Who’s Maine’s richest person? Only #48 in a list of each state’s wealthiest

Leon Gorman, grandson of L.L.Bean founder Leon Leonwood Bean, former chairman of the company’s board and its past CEO for 33 years, was singled out as Maine’s richest person in a tally by the real estate blog Movoto.

Like all viral state-by-state surveys, this one that hit the wire late Thursday has been buzzing about with observers sharing a wide range of impressions. For example:


But what’s perhaps most notable for Maine is that our richest person — from the mashup of net worth data at Forbes and Celebrity Net Worth — is only the nation’s 48th richest rich person, with a net worth of $860 million.

I know. I know. You’re thinking: How could that be? 

And so am I. Looking back, nobody from Maine even makes Forbes’ list of the 400 wealthiest people in America.

Maine is joined only by Alaska, North Dakota and, of all places, Delaware in having a richest person in the list worth less than $1 billion. (Pardon a previous version that incorrectly stated Hawaii was in that bunch.)

Wealthiest person by state map from Movato.

(Hat tip to keen observer Paul Suitter, who pointed out to me the letter-based coincidence that Delaware’s richest person is Robert Gore, inventor of Gore-Tex, and ours is named Gorman. Eerie.)

Also notable: Nationally, the chart shows just eight women as their state’s top earners (with men named Leslie and Whitney confusing attempts at quickfire accounting).

But back to Maine: while even our richest can’t get a break in the national survey, perhaps it’s not such bad news. That is, after taking a look at an interactive report from the Economic Policy Institute released in February.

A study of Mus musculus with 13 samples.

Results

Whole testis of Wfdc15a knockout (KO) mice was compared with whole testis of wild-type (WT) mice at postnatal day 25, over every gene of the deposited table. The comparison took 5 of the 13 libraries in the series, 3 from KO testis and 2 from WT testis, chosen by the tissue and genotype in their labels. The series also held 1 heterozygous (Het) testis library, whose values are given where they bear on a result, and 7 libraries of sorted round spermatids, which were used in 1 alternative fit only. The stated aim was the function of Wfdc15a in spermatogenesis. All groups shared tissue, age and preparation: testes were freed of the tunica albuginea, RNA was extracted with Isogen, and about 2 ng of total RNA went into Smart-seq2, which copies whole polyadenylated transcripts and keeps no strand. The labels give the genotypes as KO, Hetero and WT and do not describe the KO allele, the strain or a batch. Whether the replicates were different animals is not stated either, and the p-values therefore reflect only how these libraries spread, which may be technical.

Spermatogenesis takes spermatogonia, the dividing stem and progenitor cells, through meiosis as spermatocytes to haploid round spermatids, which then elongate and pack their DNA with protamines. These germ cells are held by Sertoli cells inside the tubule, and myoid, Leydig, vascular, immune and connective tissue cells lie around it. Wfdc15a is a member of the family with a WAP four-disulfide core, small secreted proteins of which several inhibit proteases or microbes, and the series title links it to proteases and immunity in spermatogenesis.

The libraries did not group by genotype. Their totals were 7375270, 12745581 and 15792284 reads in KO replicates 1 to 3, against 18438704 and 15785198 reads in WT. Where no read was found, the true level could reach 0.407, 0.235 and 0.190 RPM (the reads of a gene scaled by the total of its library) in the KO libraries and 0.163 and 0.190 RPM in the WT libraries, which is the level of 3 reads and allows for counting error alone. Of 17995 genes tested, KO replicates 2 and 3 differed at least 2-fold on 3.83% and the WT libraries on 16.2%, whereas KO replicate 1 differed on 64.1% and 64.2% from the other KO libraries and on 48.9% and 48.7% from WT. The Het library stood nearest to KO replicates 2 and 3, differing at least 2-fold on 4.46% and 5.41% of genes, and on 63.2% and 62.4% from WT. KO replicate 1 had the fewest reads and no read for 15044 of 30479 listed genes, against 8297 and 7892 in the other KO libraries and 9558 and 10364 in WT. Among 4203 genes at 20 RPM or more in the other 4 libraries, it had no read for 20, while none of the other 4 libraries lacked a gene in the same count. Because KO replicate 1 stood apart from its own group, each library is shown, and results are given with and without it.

That report showed total income grew an average of about 37 percent across the country from 1979 to 2007. Income growth in Maine outpaced that average, at about 40 percent.

For the top 1 percent of earners, total income in Maine grew about 149 percent during that period; for the rest, about 30 percent. Compare that with the disparity nationally, where income for the top 1 percent of earners grew 200 percent during that time; for the rest, it was a measlier-than-Maine 19 percent.

(If anyone has clues as to how this figure is affected by wealthy part-time residents who call another state home for 6 months and a day, I’d be interested to hear.)

By the EPI graph showing the share of all income held by the top 1 percent of earners, Maine is among states with the lowest disparity, at about 12 percent. That’s compared with a national average of about 20 percent in 2011, according to the EPI study.

So, our richest might not be everyone else’s richest, but that’s not necessarily a point of despair, especially since ranking higher would probably mean an end to that loosey-goosey return policy.

Darren Fishell

About Darren Fishell

Darren is a Portland-based reporter for the Bangor Daily News writing about the Maine economy and business. He's interested in putting economic data in context and finding the stories behind the numbers.